Review: Knock!

February 6, 2006.By Ed Huyck, Backstage.

Mixing music, dance, and expressive physical performances, Knock!, which opened in an expanded production Jan. 13 at Theater Latté Da, is a 90-minute delight that proves you don't need dialogue to tell a story or to have a good night at the theatre. Apart from the occasional groaner of a knock-knock joke, this revival of a 2004 Minnesota Fringe Festival show has no understandable speech. Yet anyone who remembers the seemingly eternal days of growing up will understand perfectly what is going on.

Knock! is set in the active imagination of 12-year-old Toehead. It presents the everyday activities of his fairly normal life within his early-1980s-era family as some kind of afterschool program aimed at precocious preteens. So a trip to the dentist turns into an epic loss of innocence, set to the strains of the Doors' "The End." Or a typical night at the dinner table turns into a wild festival of eating, all to the sounds of "Hoe-Down" from Aaron Copland's Rodeo.

It helps that the five actors completely sink into their roles. At the center, of course, is Toehead, played with complete abandon by the creator and co-director of the show (with Peter Rothstein), Jim Lichtscheidl. His Toehead lives in a world of games and candy, of hassling his sister, of feeling the first twinges of romance. As if he were channeling his own 12-year-old self, Lichtscheidl lets the audience feel every high and low of his character.

Toehead's big sister is his main foil, and Ken Rosen is certainly up to the task. Although he does little to disguise his gender -- just a long wig and clothes drawn from the androgynous fashions of the era -- Rosen quickly disappears into the character, making it clear where Toehead's sister is on her own journey: in that awkward spot between child and adult.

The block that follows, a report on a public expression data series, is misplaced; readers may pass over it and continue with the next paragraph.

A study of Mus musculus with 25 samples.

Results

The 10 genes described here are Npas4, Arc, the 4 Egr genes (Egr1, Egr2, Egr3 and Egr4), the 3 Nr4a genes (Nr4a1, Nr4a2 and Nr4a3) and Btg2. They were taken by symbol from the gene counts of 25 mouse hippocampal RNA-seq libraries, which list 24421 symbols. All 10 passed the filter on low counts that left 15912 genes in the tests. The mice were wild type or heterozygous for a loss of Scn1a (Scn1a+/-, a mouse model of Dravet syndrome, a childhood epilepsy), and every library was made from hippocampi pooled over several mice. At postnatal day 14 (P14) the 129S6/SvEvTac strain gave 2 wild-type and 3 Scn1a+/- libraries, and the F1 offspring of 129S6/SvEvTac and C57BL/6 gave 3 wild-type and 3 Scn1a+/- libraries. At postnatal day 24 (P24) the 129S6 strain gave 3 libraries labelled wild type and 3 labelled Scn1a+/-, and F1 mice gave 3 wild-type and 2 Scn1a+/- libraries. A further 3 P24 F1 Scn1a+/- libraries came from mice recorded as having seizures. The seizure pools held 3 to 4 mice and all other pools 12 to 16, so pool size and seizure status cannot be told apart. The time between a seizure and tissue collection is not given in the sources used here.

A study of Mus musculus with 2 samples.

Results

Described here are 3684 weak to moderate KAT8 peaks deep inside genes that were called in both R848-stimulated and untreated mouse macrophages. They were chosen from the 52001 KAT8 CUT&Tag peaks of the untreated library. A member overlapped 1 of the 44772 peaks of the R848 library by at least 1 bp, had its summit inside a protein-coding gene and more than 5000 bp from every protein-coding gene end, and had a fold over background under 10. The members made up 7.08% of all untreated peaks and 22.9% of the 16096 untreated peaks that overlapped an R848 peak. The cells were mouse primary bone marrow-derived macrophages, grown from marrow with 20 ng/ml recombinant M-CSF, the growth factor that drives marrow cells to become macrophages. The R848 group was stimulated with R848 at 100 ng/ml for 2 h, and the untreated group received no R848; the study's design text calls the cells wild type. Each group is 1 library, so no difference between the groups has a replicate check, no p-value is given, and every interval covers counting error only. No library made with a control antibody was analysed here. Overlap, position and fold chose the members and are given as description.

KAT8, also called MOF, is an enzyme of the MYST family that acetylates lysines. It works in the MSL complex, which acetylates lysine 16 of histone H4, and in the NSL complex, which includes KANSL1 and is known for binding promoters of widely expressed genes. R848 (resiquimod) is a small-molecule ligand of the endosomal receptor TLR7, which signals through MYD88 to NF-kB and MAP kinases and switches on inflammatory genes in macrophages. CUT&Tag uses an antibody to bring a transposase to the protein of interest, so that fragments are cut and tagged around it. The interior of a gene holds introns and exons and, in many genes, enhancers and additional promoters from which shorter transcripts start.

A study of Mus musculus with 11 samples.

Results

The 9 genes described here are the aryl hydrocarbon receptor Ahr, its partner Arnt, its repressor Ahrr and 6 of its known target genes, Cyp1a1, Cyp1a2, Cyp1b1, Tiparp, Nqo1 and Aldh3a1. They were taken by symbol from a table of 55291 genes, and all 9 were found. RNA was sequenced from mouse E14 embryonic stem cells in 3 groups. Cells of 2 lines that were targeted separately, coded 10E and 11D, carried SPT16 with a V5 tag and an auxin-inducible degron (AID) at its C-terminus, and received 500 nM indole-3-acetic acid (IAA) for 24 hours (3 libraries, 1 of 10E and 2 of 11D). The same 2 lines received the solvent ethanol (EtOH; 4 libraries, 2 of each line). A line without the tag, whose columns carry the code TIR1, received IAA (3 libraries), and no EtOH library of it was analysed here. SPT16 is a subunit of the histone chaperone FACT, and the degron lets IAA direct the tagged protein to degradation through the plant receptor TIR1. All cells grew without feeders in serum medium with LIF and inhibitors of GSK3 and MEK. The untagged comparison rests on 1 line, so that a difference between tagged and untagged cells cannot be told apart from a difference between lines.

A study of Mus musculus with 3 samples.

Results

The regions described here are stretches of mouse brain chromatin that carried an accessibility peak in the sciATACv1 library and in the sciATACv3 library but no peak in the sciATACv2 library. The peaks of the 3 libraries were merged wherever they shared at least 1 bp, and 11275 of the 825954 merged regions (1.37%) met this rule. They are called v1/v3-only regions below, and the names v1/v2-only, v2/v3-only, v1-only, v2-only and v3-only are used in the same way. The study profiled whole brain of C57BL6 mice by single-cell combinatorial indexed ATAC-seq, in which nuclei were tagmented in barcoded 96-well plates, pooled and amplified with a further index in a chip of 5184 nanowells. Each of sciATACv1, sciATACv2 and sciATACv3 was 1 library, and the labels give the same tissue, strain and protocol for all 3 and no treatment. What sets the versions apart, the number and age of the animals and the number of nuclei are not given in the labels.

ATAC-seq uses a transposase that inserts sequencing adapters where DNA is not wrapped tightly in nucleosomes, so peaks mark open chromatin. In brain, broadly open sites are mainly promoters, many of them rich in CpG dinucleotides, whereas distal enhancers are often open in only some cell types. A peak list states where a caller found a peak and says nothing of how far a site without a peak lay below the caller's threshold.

Leading the family is Eriq Nelson as the father and Lisa Spreeman as the mother. These are more than faceless autocrats: They have their own foibles and desires (Mom, for example, is both a bit of a drinker and a real talker), which are used to great comic effect throughout the show. Rounding out the cast is Michelle Hutchison, who takes on numerous roles, giving each its own personality.

The final player here is the sound and set design. Each piece of music chosen is absolutely brilliant, making every scene move with its own distinct rhythm. A video screen extends the action: The play includes video, hand-drawn illustrations, and dialogue cards created by the ever-imaginative Toehead himself.

The sold-out audience kept calling the cast back for more curtain calls. It wasn't just that we appreciated what the actors had done; we wanted more episodes. In a short time, the creators and the company had drawn the audience into a world that none of us were ready to leave.

Knock! runs Jan. 13-Feb. 19 at the Loring Playhouse, 1633 Hennepin Ave., Minneapolis. Tickets: (612343-3390.